The purpose of this primer is to assist farmers in learning how to use grain marketing alternatives and to serve as a guide in making everyday grain marketing decisions. The importance of marketing and risk management to farmers cannot be overstated; it is widely held that a 10% increase in price can have a significant impact in improving the bottom line, at times by as much as 200%. It is also held that farming today—particularly with the higher investment required to plant each acre—requires grain sellers to know how to use all of the marketing alternatives available to them and to be able to employ effective marketing strategies.

This publication provides farmers with a basic understanding of the tools necessary to improve their grain marketing skills and profits. The emphasis is on price-risk-reducing marketing alternatives. Some speculative sales strategies that allow farmers to strive for higher prices are addressed in the unit titled "Options on Agricultural Futures." An occasional mention of other speculative alternatives may be necessary in order to complete a specific discussion.

While we have used the word "grain" in this publication, the discussion applies to oilseeds as well. The material contained in this primer has cross applicability to all grains and oilseeds.  Specific market conditions may differ, particularly with regards to basis.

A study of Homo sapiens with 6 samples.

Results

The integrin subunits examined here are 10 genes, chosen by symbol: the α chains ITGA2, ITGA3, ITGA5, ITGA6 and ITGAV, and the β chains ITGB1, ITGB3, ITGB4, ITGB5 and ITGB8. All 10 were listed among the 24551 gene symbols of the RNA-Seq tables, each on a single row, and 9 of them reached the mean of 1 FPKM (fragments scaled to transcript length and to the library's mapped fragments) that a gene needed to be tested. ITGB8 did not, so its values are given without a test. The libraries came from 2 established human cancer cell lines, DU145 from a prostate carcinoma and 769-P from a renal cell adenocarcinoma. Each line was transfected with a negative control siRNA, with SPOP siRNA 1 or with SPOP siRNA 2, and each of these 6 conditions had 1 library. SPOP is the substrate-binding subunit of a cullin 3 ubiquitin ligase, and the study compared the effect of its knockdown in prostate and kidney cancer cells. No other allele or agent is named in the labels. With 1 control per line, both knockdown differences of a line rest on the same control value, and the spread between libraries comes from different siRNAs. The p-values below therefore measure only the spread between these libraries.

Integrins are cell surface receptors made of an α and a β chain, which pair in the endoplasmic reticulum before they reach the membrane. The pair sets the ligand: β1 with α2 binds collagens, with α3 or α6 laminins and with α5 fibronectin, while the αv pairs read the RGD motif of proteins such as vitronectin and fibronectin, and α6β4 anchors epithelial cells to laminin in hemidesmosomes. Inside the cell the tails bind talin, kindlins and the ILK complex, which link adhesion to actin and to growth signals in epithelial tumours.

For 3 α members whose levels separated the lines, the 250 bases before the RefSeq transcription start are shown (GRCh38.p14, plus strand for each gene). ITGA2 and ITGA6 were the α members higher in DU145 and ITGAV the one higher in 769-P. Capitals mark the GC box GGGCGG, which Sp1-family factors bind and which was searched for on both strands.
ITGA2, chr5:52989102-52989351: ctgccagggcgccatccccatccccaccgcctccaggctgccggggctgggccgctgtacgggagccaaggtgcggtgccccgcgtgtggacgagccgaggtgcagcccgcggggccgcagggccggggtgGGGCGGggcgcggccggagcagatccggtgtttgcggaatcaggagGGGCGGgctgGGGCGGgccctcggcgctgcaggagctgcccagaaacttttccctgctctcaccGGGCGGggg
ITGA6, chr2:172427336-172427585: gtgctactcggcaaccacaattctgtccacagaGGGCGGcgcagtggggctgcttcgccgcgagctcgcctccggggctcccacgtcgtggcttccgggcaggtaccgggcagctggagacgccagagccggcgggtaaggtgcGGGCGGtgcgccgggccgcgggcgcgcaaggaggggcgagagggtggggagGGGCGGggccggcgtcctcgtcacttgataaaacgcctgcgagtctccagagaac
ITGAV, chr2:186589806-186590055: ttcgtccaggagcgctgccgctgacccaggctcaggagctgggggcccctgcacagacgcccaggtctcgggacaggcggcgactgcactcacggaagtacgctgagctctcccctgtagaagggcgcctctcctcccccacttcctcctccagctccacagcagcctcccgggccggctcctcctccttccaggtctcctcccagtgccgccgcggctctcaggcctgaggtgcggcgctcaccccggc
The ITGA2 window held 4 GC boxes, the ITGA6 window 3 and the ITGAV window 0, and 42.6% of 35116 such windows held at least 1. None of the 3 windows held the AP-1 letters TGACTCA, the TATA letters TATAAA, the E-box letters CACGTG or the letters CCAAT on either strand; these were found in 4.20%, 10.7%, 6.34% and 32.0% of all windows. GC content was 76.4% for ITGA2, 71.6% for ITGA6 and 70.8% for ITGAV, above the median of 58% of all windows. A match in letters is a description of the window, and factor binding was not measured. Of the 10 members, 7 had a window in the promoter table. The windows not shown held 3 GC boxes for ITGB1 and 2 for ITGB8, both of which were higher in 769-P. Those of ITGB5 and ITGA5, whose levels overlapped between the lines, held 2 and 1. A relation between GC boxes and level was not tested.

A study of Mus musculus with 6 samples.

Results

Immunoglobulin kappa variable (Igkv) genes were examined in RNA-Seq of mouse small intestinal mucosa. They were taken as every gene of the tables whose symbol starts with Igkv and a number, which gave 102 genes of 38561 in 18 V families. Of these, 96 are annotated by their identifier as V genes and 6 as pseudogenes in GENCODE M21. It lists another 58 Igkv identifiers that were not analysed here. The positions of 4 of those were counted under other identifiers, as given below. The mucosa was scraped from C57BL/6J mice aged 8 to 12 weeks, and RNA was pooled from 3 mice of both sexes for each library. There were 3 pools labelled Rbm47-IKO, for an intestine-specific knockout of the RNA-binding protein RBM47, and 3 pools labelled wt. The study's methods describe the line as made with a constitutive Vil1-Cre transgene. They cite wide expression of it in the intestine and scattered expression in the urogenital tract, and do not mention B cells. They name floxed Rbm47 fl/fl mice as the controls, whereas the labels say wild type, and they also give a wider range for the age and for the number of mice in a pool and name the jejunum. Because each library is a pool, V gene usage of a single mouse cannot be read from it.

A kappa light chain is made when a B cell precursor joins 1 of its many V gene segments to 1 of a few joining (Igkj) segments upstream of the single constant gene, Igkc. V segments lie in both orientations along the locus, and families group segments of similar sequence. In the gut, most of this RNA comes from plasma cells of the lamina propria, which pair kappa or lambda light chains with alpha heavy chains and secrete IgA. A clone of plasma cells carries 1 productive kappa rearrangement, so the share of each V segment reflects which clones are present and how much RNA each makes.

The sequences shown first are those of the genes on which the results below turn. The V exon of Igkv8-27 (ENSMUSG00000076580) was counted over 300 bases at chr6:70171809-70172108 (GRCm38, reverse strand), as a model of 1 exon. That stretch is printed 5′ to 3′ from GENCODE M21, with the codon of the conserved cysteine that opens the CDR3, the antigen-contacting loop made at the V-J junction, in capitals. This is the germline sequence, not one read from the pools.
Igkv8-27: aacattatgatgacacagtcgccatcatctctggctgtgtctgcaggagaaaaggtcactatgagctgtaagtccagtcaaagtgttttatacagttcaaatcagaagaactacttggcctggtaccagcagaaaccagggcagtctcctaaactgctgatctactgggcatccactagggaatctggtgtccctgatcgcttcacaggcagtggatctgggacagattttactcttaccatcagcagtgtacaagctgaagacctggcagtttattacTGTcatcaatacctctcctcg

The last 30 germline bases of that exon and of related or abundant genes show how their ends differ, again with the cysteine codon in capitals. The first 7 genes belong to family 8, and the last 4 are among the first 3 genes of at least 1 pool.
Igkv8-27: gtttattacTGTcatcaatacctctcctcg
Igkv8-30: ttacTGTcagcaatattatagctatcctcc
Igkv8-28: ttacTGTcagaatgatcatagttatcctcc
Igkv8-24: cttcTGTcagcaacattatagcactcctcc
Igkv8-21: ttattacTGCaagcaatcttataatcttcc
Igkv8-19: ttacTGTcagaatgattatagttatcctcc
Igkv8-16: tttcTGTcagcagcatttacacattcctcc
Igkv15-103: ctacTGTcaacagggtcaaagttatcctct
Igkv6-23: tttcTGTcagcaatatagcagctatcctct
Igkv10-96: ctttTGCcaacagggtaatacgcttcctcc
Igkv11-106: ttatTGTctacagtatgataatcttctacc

Market Planning

Planning sales of grain production is an ongoing process, not a one-time event. The primary reason is that the markets and a farmer's production are 'moving targets.' Both commodity prices and production outcomes are highly dependent upon weather developments and other unpredictable events throughout the production and marketing year. The process of pricing grain requires forward thinking and market planning, combined with flexibility at times, if a producer is to make informed, profitable decisions.

Grain marketers are faced with two types of risk: price and yield. Grain marketing alternatives, used properly, provide one mechanism for dealing with these risks. Price risk is dealt with via various methods: forward pricing in the cash market, hedging futures, buying put options for price risk protection, buying call options to replace grain ownership, etc. Options, in particular, are applicable during the growing season, because it is not necessary to deliver the bushels contracted when using options for price protection. The grain marketer’s plan needs to include taking other steps to assure that all of the bases have been covered, such as the purchase of crop insurance.

Commodity prices, based upon global supply and demand, are constantly changing, thereby requiring flexibility in formulating a plan for marketing a crop. Yields also can be highly variable. The marketing plan presented in this primer accounts for these uncertainties. Grain market planning involves collecting and analyzing information to make informed decisions that are flexible enough to allow necessary adjustments.